Once you have a resume, use it. Keep it up to date, interview around casually (at least once a quarter), and try to get a new job offer once every 6 months. You don’t need to accept the job offer, and you can always tell the interviewer that you’re just practicing or looking around.

What you don’t want to have happen, however, is getting stuck somewhere without a backup job or not realizing that you’re underpaid. Another good reason to casually look is that the career field changes and you probably don’t want to find yourself 15 years in and 15 years behind the curve.


Go back through your previous projects, and try to ballpark the impact your work made. You very much want a number for this - number of hours saved for the company/team, or number of dollars saved in ongoing costs (generally expressed as Annual Recurring Revenue, or ARR; “My widget allowed us to move datacenters and realize $120k/yr in savings)

If you can’t put a number to that line-item on your resume, strongly consider getting rid of it

This cuts through the tech buzzword-bullshit, and makes it really easy to bypass non-technical gatekeepers. HR almost assuredly doesn’t know or care what ‘a kubernetes’ is or why it’s important to the business. They (and everyone else) can certainly understand “Oh this person saved hundreds of hours of engineering-labor by implementing a flugalschnobitz!”

Some impact number ideas:

  • You managed k8s clusters? how many k8s clusters?
  • You transitioned from harness to spinnaker? How much time/money saved with harness vs spinnaker?
  • On-call: did you work to reduce on-call as a result of being on-call? how many less pages as a %?
  • Wrote on-call docs or runbooks? Do you have metrics on how much faster these scenarios were resolved as a result of your docs?
  • Added tests? what was your test coverage before / after?
  • Did any product work you do result in an xxx% increase in customers?


Have a “keywords” section that is fodder for the AI/pattern-matching gatekeepers. That’s where you put things in list/bullet form like:

  • Cloud platforms: AWS, GCP, VMWare, Openstack, Proxmox, Bob’s Weird Side Project, etc etc
  • “Core competencies”: Development, Architecture, Design, Tools

Everything else, you want a 1-3 sentence summary in plain english around what you did, and then bulletpoint sentences for projects/context where you hit ’em with the numbers (dollars/hours saved, etc). Having a keywords section means your bullet points don’t need to be peppered with jargon and can instead maximize readability to a non technical audience.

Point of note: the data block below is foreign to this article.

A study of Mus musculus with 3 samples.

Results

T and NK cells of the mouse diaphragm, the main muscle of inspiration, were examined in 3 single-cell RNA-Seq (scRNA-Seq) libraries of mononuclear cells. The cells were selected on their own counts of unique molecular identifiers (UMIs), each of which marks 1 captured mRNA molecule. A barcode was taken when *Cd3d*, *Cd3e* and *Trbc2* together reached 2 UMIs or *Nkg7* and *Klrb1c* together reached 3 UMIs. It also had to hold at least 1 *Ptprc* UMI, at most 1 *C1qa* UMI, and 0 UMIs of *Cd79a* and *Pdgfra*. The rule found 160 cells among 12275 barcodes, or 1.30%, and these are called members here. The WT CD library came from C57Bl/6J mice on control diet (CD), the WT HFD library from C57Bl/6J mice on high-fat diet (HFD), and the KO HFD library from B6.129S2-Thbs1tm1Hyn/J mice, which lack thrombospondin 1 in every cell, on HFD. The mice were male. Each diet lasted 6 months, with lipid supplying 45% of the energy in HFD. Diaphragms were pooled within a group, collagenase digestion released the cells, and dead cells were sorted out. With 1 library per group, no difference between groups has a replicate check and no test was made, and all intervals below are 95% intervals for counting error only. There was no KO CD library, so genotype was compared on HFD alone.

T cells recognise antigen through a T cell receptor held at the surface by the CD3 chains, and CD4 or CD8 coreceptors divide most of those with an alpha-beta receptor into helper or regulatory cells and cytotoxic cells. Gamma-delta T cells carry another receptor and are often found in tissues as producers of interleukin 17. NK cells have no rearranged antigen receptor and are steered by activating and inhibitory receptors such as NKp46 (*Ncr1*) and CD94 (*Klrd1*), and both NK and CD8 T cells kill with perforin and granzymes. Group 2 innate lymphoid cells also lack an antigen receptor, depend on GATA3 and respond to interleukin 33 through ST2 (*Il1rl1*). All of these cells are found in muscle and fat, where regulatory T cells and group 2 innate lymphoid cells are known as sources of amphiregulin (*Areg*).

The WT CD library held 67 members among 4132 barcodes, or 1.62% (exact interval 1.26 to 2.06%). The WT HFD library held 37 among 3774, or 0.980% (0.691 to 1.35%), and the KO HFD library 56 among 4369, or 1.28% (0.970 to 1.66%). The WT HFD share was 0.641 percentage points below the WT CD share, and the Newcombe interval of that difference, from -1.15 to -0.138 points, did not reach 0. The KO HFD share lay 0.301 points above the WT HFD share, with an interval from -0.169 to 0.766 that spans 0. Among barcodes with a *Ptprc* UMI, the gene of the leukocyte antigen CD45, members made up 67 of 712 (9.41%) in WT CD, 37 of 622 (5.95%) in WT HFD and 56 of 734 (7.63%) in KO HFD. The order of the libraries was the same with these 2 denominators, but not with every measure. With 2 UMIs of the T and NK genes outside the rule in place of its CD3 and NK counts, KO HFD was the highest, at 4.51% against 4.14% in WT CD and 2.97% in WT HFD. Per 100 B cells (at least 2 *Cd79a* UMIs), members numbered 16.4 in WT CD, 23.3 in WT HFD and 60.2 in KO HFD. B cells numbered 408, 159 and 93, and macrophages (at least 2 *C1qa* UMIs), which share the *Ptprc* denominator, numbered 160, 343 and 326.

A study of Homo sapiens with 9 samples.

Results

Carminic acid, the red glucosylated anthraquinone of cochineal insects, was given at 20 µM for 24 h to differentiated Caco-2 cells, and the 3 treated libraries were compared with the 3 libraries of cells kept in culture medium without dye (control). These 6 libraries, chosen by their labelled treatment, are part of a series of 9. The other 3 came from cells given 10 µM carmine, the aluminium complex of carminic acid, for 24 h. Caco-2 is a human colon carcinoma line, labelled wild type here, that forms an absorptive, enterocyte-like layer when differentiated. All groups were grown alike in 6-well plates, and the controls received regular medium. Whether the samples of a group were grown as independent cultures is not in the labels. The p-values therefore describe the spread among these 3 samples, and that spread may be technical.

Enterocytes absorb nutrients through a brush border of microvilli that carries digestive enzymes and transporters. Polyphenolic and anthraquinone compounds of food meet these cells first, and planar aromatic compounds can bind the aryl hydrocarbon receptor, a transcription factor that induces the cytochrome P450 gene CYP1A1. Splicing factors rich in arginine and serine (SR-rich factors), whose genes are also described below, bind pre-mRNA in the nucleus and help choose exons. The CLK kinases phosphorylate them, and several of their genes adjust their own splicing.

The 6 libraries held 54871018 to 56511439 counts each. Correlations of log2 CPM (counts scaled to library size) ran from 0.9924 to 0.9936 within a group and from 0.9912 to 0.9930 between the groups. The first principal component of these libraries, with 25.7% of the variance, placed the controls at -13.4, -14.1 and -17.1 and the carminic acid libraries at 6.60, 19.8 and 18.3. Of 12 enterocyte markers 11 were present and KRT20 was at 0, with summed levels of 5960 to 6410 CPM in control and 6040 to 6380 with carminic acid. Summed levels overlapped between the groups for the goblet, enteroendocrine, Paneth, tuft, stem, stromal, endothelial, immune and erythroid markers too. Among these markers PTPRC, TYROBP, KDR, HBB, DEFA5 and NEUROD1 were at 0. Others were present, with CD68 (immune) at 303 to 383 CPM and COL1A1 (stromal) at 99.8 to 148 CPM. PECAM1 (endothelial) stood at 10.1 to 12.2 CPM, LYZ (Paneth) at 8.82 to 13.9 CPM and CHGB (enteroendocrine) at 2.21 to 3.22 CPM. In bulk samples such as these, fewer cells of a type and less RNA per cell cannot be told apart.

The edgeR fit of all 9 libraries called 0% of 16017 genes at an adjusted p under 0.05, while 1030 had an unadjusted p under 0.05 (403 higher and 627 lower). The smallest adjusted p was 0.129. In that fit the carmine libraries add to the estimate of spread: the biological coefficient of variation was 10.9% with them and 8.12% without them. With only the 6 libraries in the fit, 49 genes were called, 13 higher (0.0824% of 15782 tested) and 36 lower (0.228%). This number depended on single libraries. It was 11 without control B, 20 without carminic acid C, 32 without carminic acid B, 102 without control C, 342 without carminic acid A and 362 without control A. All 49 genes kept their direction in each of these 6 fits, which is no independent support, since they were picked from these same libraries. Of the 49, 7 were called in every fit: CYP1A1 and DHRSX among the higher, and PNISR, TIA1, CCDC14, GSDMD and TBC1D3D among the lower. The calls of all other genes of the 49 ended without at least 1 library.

Another tip, don’t do fancy formatting on your resume. it fucks with AI/ML pattern-matching something fierce. Rewrite your resume in plain text, using whitespace and punctuation to get an aesthetically pleasing layout. Only then convert it to rich-text, and use very light italics, bold, etc, to help further delineate.


Don’t try to keep things to one length. It’ll naturally be one length if you don’t have much/any experience.


  • Don’t mix abbreviating and not for anything (except for maybe writing out some alphasoup the first time - Elastic Kubernetes Service (EKS)). Be consistent throughout with whatever you pick.
  • Misc is never a good category - Pick a header that’s more targeted.
  • A 1-2 sentence “goal/objective/desired position” bit at the top (especially if it’s markedly different from your overall experience) goes a long way. Particulary for career transitions or emphasizing what you want to focus on if it’s otherwise lacking in your resume.
  • For programming languages, list them idiomatically:
    • major language pivots should be separated. eg Python 2 vs 3, Golang 1.11+ vs prev, ECMAScript 2018+ or Node 8+ vs “javascript”.


  • personal info, contact info, media platforms/presence/website, etc.
    • Name big and bold in middle of top row
  • Employment and professional experience
    • 1-2 sentence professional summary, career goal/objective/desired position, etc.
    • List of companies (recent to old)
      • title, company, timeframe
      • 3-5 sentences about the company, anything special about their stack, and the overall “how these people are better for my involvement there” summary.
      • Bullet-points go here, each with ‘a number’ attached. No number? No bullet-point. As many as needed to get the point across
    • List of projects, OSS, etc., that you’ve done, if any. Only include projects you want to maybe be asked about.
  • Education
    • One line per college, if you graduated/made progress. Omit the education section otherwise.
      • List your GPA if it’s 3.8+ and you want to.
    • Nobody cares if you have a GED or not if you can do the work.
    • College experience only shows that you stuck to something hard for 4 years and did the redtape paperwork.
  • Buzzword skills section
    • Relevant functional technical skills (eg languages)
    • Relevant cross-functional technical skills
    • Relevant soft skills, personality traits, or whatever.